When it comes to cross-border payments, there are necessary and unnecessary frictions.

That’s according to Federal Reserve Governor Michelle Bowman, who discussed the challenges facing cross-border payments Thursday (Feb. 15) during a speech at the BCBS-FSI High-Level Meeting for Africa in  Cape Town, South Africa.

“As one who values efficiency, I am generally supportive of opportunities to address unnecessary frictions,” Bowman said. “However, when considering frictions related to cross-border payments, some are necessary while others may not be necessary.”

There are “public policy tradeoffs and operational realities” that need to be considered, she added, as some of these frictions may stem from policy choices and safeguards designed to protect transactions and the system as a whole.

She used the example of compliance requirements. While these rules add complexity, especially in cross-border payments, it is a complexity that stems from the ability to apply various compliance frameworks in different jurisdictions, she said. 

“With this in mind, we can consider ways to encourage more consistent implementation of rigorous international standards and continue to support the development of new technologies and solutions that help automate processes, reduce costs and promote effective safeguards across jurisdictions,” Bowman said.

Her comments come at a time when cross-border payment volumes are reaching new heights, as PYMNTS wrote last month, thanks to a corresponding jump in global trade.

Swift payment volume now averages roughly 45 million transactions per business day as more companies sell and transact across borders,” that report said. “The rising tide of international trade and cross-border transactions means businesses must look abroad to maximize growth and access the greatest number of customers.”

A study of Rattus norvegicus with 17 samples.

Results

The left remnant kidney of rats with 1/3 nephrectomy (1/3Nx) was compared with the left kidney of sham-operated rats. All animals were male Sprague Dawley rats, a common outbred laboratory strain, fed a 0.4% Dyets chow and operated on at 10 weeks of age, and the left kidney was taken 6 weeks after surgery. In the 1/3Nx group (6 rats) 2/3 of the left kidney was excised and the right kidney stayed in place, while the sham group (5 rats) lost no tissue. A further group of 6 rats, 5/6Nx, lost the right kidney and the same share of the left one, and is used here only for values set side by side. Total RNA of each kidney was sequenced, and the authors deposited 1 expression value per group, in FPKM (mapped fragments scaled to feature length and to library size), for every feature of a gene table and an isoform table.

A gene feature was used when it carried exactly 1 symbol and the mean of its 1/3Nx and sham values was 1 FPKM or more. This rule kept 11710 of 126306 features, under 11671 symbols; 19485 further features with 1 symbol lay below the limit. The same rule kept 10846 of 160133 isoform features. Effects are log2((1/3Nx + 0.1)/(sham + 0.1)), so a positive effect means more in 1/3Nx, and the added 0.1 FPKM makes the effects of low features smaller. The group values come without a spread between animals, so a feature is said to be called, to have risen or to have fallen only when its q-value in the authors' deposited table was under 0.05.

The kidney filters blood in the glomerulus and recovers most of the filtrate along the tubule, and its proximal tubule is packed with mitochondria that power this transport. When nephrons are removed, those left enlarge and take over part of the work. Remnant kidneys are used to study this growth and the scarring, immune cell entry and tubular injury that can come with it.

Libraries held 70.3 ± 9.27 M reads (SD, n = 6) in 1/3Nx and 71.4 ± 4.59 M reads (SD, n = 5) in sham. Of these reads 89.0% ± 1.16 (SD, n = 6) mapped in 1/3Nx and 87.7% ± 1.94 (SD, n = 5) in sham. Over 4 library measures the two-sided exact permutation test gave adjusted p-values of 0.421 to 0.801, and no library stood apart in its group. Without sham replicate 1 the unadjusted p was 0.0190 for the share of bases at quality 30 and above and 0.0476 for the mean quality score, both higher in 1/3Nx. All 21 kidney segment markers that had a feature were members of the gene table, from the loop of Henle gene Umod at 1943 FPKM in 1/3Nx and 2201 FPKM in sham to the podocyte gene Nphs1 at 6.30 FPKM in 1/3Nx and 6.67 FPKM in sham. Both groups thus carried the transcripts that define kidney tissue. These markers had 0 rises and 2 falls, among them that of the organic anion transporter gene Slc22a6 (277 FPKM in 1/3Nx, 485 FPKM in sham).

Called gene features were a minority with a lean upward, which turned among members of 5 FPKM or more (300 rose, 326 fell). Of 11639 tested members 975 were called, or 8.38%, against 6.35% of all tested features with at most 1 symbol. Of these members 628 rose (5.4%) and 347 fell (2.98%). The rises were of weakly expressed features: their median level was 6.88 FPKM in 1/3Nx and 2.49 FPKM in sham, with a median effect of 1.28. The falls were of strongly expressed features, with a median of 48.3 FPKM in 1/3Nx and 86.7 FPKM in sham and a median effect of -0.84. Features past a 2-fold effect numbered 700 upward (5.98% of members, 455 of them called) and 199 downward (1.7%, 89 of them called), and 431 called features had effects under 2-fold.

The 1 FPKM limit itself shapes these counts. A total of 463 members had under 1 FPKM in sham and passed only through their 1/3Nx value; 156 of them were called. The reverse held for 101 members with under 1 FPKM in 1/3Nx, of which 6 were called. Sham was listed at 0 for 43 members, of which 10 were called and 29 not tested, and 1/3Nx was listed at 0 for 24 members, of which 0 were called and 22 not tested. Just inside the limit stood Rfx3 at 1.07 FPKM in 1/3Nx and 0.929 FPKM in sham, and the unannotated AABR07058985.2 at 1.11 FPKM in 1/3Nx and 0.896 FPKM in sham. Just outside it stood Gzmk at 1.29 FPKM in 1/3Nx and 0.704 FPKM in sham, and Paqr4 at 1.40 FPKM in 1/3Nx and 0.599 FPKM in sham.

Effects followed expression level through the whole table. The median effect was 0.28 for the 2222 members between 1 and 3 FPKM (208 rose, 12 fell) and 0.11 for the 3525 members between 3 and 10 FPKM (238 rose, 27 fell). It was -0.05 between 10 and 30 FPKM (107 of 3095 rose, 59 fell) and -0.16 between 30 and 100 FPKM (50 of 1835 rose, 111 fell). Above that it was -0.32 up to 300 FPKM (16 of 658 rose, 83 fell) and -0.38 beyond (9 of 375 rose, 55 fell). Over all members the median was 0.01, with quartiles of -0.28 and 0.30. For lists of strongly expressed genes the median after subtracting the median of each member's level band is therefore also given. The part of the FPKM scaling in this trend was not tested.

In addition to cross-border payment friction, Bowman’s speech also focused on instances in which the Fed has offered clarity on what she described as “a framework of responsible innovation” for financial inclusion.  

For example, the central bank issued an interagency statement in support of banks engaging in small-dollar lending.

“This guidance underscores the importance of financial institutions offering small-dollar loan products to consumers and small businesses that support successful repayment outcomes and that avoid continuous cycles of debt due to rollover and reborrowing,” she said. 

A separate statement dealt with the use of alternative data in credit underwriting, clarifying that with a customer’s consent, a bank can use alternative data, like checking account balance activity, to determine a borrower’s creditworthiness.

“In both cases, timely guidance has sought to support responsible innovation and leverage the cashflow information on deposit accounts to meet their customers’ needs,” Bowman said.